SCBI loan rates are 1.5% cheaper than market

State-backed agency hopes to further support Irish businesses in 2016 with an active pipeline of new lenders and funders

The state-backed Strategic Banking Corporation of Ireland (SBCI) delivered loan rates which were 1.5 per cent lower than market rates since its creation in 2015 as it supported some 17,000 SME jobs, a new economic analysis of its impact reveals.

SBCI chief executive Nick Ashmore said: "These initial figures show that the more choice and competition generated in the SME lending sector, the more we can help our indigenous businesses grow and support jobs and so we hope to build on this initial impact and further support Irish economic activity with an active pipeline of new lenders and funders in 2016."

The SBCI, which was set up by Government in March 2015 to deliver lower cost funding to Irish small and medium sized businesses (SMEs), gets special low-cost funding from three major lending partners, including Ireland Strategic Investment Fund. It says it expects to partner with more funding institutions in 2016 “to address growing demand for its loans”.

Interest rates for SMEs started to trend downwards in 2016, albeit slowly, the SBCI said, while SBCI’s loan rates were, on average, 1.5 per cent lower than market rates. Across the SBCI’s top five sectors, interest rates were lower across the board, ranging from 0.09 per cent cheaper among hotels, to 1.17 per cent in health. The average loan size was €37,000 and some 4,619 SMEs have drawn down loan SBCI loans so far.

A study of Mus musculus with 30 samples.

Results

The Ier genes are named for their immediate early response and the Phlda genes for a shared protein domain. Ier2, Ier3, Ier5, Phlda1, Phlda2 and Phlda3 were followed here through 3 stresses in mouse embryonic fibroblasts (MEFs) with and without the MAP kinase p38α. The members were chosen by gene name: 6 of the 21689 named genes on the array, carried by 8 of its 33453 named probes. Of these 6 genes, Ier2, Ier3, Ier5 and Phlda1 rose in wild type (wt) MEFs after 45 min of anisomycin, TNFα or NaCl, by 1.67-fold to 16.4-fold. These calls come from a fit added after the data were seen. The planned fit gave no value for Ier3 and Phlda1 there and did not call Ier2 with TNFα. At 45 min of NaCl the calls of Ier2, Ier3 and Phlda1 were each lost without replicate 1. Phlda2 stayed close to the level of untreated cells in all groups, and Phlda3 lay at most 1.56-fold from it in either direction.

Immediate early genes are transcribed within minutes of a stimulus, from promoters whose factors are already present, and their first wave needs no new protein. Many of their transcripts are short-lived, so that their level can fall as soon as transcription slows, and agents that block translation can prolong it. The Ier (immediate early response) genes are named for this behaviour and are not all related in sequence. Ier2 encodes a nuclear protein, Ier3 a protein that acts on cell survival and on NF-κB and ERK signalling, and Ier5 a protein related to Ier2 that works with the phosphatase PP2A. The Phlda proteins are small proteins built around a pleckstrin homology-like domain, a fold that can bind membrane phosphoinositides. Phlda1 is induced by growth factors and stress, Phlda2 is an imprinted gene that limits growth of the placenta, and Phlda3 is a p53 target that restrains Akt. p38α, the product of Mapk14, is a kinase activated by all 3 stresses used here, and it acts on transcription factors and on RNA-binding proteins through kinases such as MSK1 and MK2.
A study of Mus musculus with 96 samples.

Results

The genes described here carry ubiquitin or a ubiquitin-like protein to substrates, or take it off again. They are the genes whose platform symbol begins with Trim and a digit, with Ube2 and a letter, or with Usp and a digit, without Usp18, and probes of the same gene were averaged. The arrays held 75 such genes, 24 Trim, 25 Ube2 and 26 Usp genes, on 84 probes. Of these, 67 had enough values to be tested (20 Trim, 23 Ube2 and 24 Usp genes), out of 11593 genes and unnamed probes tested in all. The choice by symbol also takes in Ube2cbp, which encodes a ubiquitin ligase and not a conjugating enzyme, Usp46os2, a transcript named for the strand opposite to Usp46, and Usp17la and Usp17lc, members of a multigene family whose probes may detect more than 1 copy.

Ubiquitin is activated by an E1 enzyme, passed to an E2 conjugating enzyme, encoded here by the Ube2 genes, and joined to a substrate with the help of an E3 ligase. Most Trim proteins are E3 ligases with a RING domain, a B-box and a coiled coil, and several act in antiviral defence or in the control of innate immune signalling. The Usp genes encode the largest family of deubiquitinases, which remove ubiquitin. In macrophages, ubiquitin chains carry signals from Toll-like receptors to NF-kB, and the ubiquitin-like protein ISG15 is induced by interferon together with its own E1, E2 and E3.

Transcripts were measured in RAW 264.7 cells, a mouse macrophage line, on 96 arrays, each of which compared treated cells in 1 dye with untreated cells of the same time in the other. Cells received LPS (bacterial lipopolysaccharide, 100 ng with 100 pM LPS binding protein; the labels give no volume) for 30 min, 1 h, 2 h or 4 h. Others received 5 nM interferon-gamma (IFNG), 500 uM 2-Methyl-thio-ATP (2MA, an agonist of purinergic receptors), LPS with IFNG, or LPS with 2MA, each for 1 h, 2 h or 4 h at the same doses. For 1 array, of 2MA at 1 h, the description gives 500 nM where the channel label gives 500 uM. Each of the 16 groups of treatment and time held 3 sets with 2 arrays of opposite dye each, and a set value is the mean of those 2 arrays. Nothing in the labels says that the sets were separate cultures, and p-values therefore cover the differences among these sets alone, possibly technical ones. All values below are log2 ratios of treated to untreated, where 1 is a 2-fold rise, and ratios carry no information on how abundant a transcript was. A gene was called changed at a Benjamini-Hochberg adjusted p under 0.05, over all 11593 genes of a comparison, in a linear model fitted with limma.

SBCI lending supported 17,000 jobs in Irish SMEs, as SME employment increased in 2015 for the first time since the crisis. The top five sectors in which lending occurred were: hotels & restaurants, agriculture, health, retail and other business services, the SBCI said, adding that some 92 per cent of SBCI loans are being used for growth and investment versus 53 per cent of current SME lending market loans. SBCI accounted for 9 per cent of new lending in these sectors from March to December 2015.

The survey shows that rejection rates of bank loan applications of Irish SMEs are second highest across the EU at 17 per cent, behind the Netherlands (25%), but far ahead of the UK (4%). However, rejection rates are falling in 2016, the SBCI said.

While SMEs, like other parts of the economy, continue to deleverage, by about €20 billion since 2010, the study shows that lending flows have improved, with some € 3.4 billion of new SME lending approved in 2015, up by 24 per cent on 2014.